Hesitancy to the HPV vaccine remains high despite its safety and effectiveness

Some parents feel the vaccine is unnecessary because their children are not sexually active; others have concerns about side effects

When the human papillomavirus vaccine was approved by the U.S. Food and Drug Administration in 2006, federal health officials sought to have 80% of eligible adolescents vaccinated by 2020. However, that goal has not been met.

Just over half of U.S. adolescents have received two or more doses of the HPV vaccine.

A new study that tracked parental attitudes toward the HPV vaccine found that vaccine hesitancy initially declined from 2010 to 2012. But since then hesitancy has stabilized, remaining high overall. 

Almost two-thirds of parents most recently surveyed in the study said they were unlikely to have their child vaccinated against HPV. And in certain ethnic and age groups, vaccine hesitancy has increased.

"More work needs to be done so that we can achieve the 80% completion goal now set by Healthy People 2030," said lead author Eric Adjei Boakye, assistant professor in the Department of Population Science and Policy at Southern Illinois University.

Overall, HPV vaccine hesitancy decreased from approximately 69% in 2010 to 63% in 2019, the study found. However, in certain groups it increased or improved for a while and then stalled.

For mothers of boys, vaccine hesitancy decreased 6.17% annually from 2010 to 2012, but then it remained stable until 2019.

Vaccine hesitancy among mothers with Hispanic children decreased 6.24% annually from 2010 to 2013. But then an increase of 1.19% was observed from 2013 to 2019.

The researchers also explored whether a mother's age influenced how she felt about the vaccine. They found that for mothers ages 35-44, average vaccine hesitancy decreased 5.88% from 2010 to 2012 and then remained stable.

Hesitancy among mothers ages 45 or older decreased 3.92% from 2010 to 2013 before remaining stable. Women with a high school diploma saw a slightly bigger decrease in hesitancy than mothers with a college degree from 2010 to 2012, but hesitancy stabilized in both groups after 2012.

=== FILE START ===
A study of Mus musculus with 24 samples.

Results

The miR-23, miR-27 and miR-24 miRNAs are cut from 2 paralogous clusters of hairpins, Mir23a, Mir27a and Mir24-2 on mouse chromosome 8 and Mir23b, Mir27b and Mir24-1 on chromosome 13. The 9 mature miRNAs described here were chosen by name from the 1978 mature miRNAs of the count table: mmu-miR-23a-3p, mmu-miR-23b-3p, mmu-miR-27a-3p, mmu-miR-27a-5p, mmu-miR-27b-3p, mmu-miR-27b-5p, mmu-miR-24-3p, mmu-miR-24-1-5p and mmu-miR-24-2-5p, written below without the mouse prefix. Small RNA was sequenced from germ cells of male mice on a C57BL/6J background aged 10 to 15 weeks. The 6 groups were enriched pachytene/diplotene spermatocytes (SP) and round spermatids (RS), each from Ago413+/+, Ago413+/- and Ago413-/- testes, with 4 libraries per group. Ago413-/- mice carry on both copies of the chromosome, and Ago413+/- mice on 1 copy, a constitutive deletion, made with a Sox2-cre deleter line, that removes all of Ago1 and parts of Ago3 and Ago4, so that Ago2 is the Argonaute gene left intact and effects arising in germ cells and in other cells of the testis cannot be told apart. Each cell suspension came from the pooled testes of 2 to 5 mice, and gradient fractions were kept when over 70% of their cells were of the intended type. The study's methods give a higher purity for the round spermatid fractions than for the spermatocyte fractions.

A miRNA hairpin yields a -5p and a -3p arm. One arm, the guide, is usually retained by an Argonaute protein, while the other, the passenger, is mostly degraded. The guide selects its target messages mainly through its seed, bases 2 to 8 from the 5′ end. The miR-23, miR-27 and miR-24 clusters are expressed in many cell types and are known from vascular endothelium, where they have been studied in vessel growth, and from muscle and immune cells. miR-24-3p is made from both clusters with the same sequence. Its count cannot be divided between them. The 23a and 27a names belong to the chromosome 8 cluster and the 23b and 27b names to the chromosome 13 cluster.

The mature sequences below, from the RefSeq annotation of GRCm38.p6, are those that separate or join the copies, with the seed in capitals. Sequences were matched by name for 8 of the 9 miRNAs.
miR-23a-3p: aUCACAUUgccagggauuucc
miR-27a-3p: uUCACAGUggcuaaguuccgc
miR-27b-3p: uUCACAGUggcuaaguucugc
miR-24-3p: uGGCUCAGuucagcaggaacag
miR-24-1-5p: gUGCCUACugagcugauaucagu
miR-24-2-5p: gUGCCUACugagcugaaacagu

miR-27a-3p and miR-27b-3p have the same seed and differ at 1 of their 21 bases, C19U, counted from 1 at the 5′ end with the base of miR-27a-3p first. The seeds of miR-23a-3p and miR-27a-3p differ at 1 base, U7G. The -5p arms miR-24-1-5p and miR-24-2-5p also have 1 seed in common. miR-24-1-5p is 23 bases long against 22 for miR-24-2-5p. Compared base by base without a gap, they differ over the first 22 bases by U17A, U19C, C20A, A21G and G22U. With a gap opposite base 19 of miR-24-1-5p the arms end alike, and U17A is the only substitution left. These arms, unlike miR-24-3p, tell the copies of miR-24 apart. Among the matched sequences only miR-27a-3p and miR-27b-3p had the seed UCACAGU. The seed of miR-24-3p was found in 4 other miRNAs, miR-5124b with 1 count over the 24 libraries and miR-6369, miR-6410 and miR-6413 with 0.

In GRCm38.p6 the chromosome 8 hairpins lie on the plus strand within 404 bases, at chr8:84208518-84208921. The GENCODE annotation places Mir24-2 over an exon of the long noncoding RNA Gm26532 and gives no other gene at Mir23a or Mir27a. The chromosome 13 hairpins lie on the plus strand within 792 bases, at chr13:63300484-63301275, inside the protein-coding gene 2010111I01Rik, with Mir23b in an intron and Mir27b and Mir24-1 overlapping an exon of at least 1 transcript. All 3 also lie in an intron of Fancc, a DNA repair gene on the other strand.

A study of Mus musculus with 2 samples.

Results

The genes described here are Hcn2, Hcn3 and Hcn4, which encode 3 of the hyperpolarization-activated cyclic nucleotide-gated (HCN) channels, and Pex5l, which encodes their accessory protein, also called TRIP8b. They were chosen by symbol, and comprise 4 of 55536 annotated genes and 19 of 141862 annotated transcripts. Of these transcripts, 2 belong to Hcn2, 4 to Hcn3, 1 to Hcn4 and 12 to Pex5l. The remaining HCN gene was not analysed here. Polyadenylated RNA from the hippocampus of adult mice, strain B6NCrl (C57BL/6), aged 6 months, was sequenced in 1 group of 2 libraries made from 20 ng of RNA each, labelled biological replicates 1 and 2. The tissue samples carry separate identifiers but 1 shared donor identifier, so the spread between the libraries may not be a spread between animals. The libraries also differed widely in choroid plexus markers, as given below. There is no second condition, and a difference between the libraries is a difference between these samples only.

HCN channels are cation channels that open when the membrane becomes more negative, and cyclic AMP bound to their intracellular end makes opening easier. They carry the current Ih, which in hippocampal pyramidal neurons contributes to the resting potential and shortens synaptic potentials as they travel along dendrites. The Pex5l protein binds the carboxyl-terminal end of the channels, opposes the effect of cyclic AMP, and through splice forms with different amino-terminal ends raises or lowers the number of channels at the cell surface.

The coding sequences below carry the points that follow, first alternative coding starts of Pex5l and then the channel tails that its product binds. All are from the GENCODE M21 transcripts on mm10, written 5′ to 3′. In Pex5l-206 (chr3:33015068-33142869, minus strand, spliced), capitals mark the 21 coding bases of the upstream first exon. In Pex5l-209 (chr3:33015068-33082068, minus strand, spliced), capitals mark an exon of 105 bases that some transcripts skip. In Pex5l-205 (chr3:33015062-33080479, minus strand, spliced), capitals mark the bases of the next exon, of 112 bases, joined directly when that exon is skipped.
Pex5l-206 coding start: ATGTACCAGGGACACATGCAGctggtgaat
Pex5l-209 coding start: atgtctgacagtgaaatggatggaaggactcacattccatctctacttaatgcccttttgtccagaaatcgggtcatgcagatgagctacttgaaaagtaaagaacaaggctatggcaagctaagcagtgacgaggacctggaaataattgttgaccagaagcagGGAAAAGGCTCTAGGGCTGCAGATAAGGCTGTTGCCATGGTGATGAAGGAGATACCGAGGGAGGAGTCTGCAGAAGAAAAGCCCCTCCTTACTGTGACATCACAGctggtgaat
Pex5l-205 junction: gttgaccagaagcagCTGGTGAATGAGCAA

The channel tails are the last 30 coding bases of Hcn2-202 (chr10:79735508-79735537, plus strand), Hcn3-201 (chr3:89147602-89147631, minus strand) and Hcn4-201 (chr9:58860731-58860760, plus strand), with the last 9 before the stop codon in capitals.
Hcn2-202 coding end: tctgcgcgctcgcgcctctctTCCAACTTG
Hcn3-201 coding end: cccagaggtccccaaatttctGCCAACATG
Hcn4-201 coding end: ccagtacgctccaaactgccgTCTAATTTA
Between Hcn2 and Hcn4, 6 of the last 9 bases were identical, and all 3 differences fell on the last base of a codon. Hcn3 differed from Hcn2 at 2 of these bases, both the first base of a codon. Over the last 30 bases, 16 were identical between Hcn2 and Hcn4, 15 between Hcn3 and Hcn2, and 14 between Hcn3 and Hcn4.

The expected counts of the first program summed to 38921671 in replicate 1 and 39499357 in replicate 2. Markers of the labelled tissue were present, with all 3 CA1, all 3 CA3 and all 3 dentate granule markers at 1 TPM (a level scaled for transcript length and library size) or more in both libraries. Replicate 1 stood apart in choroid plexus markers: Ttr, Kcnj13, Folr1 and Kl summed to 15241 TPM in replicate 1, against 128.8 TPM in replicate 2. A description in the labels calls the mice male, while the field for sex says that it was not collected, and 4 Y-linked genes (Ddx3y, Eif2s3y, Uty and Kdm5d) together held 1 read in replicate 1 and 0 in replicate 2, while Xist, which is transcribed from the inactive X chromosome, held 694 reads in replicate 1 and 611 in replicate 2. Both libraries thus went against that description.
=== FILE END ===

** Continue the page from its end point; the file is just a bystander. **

In the Philadelphia region, vaccine hesitancy is a concern as well. A Blue Cross Blue Shield report released earlier this year found that only 55% of commercially-insured adolescents ages 10-13 received their first doses of the HPV vaccine during a recent three-year period. Only 29% came back for their second doses.

In the city, the percentages were slightly better, with nearly 57% having received the first dose and 31% having received the second.

The latest study included National Immunization Survey data on 16,383 adolescents who had not received any dose of the HPV vaccine. Their parents were asked how likely it is that their teen will receive the vaccine in the next year. All parents who said "not too likely," "not likely at all," or "not sure/don't know" were defined as vaccine hesitant.

Parental concern over the vaccine's effectiveness and side effects is a big driver of the vaccine hesitancy, the study found. Some parents feel that the vaccine is unnecessary, especially because their children are not sexually active.

Not having enough information about the vaccine was another reason cited by parents surveyed. 

Boakye said their findings suggest that public information campaigns should target parental hesitancy more. He also recommends culturally tailored messages for Hispanic parents and more direct conversations about the safety and efficacy of the vaccine.

"The HPV vaccine is very safe, and it is effective at preventing HPV-associated cancers," he said. "Over 135 million doses have been administered in the United States alone with very few reported adverse effects."

He added that anti-vaccine sentiment in American society and social media disinformation also plays a role. 

"Do not trust everything you read on the internet or social media platforms. If you are in doubt or have a question, please talk to your doctor," he said.

What the research shows

The Children's Hospital of Philadelphia reports that there have been no cause-effect links between HPV vaccines and adverse events such as blood clots, allergic reactions, strokes, seizures, Guillain-Barré Syndrome, birth defects, miscarriages, infertility or premature ovarial failure, or infant/fetal death.

Though three HPV vaccines have been approved by the FDA, only one – Gardasil 9 – has been available in the U.S. since 2016. It was found to be safe and effective in clinical trials involving more than 15,000 females and males, according to the U.S. Centers for Disease Control and Prevention.

HPV is a common sexually transmitted infection that has been linked to an increased risk for cervical, vaginal, vulvar, penile, anal and throat cancers. The virus is responsible for 70 to 90% of these cancers in the U.S., the CDC reports.

The HPV vaccine must be administered as two doses to provide full immunity. The CDC recommends that children receive their two doses between ages 9-14. Anyone who receives the first dose after their 15th birthday should receive three doses.